1 With the addition of Aaron Katsman to our stable of JTNews columnists, we can truly say we are a world-renowned organization.
A Seattle native, the son of Rabbi Phillip Katsman and the late Tzivia Katsman, Aaron attended Seattle Hebrew Academy, Northwest Yeshiva High School (class of ’88) and Yeshiva University, but has lived in Israel since graduating college. He’ll be writing, for this paper’s bimonthly seniors’ section, which debuts in this issue.
“My plan was always to work on Wall Street,” he confessed, but he promised himself if he got a job in Israel he would stay. He got an internship at a financial firm “and it stuck,” he said. “I lost a bet with myself.”
With his 17 years of Jewish education, Aaron says he arrived in Israel “able to conjugate verbs,” but unable to carry on a conversation. Entering the army fixed that fast. He then met and married his wife Yael, director of the aliyah program Nefesh b’Nefesh, and worked his way up in the financial community, eventually becoming head of private banking for Citibank there.
As a licensed financial adviser, he’s had his own firm for almost five years. He has “a global clientele,” he says, including “a lot of Israelis, but also Americans or Anglos who have come on aliyah,” plus clients in Europe and Asia.
This past August, McGraw-Hill published his book, “Retirement GPS: How to Navigate Your Way to A Secure Financial Future with Global Investing.” Aaron writes regularly for The Jerusalem Post, Seeking Alpha (a financial website), and the Wall Street Journal’s MarketWatch website.
Outside of work, he’s often busy with his five kids and is active in his central Jerusalem neighborhood’s council. As a volunteer he helps people in debt, and as a sports-lover he plays on a softball league. Yes, softball, and Aaron reports there are a handful of leagues there, for adults and kids. His own team and his son’s team both won their recent respective league tournaments and Aaron reports that while 65 percent of his son’s team is made up of kids whose parents made aliyah, “the rest are Israelis who go to school with [those kids] and think it’s kind of cool.”
I don’t think I’ve ever done a second-hand interview of an MOT, but that’s what happened inadvertently when I reached out to Jason Schneier to learn more about the vegetable garden he started and tends to at Congregation Beth Shalom in Seattle’s Wedgwood neighborhood. The congregation donates the produce to the Jewish Family Service food bank.
Jason was tending one of his five gardens at the Magnuson Park p-patch — where he is a founding board member — when I called, so I spoke to his wife Betsy. Jason is a gastroenterologist with a full-time practice and Betsy wisely suggested she might be easier to pin down than her husband.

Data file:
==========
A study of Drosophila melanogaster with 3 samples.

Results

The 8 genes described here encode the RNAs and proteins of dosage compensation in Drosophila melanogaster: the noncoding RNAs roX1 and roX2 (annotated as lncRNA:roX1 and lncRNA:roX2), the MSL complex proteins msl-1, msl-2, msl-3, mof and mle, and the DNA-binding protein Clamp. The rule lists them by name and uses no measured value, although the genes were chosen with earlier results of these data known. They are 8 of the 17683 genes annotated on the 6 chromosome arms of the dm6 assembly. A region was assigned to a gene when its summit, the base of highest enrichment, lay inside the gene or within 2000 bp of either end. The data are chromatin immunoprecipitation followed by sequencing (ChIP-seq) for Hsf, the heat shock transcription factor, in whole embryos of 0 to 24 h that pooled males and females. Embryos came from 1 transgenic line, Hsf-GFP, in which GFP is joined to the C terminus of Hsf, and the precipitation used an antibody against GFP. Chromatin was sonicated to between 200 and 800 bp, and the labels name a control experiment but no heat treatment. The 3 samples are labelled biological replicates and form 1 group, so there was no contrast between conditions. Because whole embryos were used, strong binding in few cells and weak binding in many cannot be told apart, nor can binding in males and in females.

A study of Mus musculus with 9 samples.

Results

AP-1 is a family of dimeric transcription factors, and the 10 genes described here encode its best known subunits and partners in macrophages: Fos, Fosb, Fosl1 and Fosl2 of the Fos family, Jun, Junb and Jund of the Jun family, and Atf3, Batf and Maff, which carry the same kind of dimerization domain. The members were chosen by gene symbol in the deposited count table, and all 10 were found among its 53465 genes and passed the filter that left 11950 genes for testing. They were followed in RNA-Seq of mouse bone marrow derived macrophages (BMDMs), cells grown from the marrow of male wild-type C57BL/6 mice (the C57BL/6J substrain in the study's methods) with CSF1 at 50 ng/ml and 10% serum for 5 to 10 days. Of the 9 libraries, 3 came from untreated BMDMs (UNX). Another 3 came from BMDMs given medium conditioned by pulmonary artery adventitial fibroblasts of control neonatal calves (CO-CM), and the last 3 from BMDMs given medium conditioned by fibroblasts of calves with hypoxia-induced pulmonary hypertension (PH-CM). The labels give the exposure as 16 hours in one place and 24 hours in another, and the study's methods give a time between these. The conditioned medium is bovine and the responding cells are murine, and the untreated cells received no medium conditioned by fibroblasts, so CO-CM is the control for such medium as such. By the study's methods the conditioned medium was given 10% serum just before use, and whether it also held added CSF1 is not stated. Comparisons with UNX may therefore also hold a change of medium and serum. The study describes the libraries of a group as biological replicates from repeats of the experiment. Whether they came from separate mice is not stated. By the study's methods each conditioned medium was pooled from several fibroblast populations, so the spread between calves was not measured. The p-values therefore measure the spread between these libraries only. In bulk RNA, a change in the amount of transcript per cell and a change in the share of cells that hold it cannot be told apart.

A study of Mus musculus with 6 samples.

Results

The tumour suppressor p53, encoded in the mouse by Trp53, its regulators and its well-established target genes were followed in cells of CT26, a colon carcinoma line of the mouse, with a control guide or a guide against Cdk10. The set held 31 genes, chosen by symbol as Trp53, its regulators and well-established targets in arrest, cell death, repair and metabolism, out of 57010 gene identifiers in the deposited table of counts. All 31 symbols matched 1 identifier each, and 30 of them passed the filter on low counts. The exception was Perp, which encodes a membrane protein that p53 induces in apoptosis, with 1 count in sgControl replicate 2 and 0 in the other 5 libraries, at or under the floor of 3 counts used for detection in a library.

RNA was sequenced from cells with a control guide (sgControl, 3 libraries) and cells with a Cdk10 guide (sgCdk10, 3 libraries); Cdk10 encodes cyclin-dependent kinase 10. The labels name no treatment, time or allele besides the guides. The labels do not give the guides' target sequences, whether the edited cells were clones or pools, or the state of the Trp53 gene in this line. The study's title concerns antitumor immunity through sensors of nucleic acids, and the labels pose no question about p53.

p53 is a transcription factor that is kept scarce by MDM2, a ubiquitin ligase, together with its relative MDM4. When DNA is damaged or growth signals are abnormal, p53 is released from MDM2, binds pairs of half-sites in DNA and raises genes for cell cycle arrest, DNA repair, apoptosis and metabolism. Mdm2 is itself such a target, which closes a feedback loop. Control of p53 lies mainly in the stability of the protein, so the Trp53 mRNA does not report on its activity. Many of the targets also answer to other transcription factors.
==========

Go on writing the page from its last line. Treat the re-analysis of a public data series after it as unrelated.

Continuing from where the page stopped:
Jason started gardening about 30 years ago, Betsy recalls, around the time they bought their house and had identical twin girls.
“He just wanted to mess around in the yard,” she says. “I think he started as a kid…he just loved digging.”
That house now has two vegetable gardens, one in the front and one in the back. Jason maintains the synagogue garden almost entirely on his own, with some help from congregants. Then there’s the Magnuson garden and another p-patch on Decatur Island, where the couple has a second home.
“It’s a good outlet for him,” observes Betsy, a Seattle native. She attributes some of his success to his scientific approach to dirt.
“Chemistry has always been his thing,” she says. “Dirt has always been his thing.”
Jason and Betsy met when he came to Seattle to do his residency at the University of Washington. Growing up in Middletown, Penn., home of the infamous Three Mile Island nuclear facility, Jason went to Harrisburg Yeshiva and earned money for college at UPenn doing construction on the nuclear plant. He studied medicine at University of Pittsburgh and after his residency the couple moved to Boston while Jason completed a fellowship. After that, Betsy says, she offered him “a choice between Seattle and Hawaii.”
Jason confirmed all this in a later conversation, and says gardening for the food bank adds a dimension to charitable giving.
“In Jewish life, everyone is asked to open up your checkbook,” he says, “but sometimes it’s nice to just live it a little.” Gardening has a spiritual component, too, observing that “nothing works according to plan.”
It’s like “a Tibetan Buddhist sand painting—you do it and it blows away,” he says. “It makes you humble.”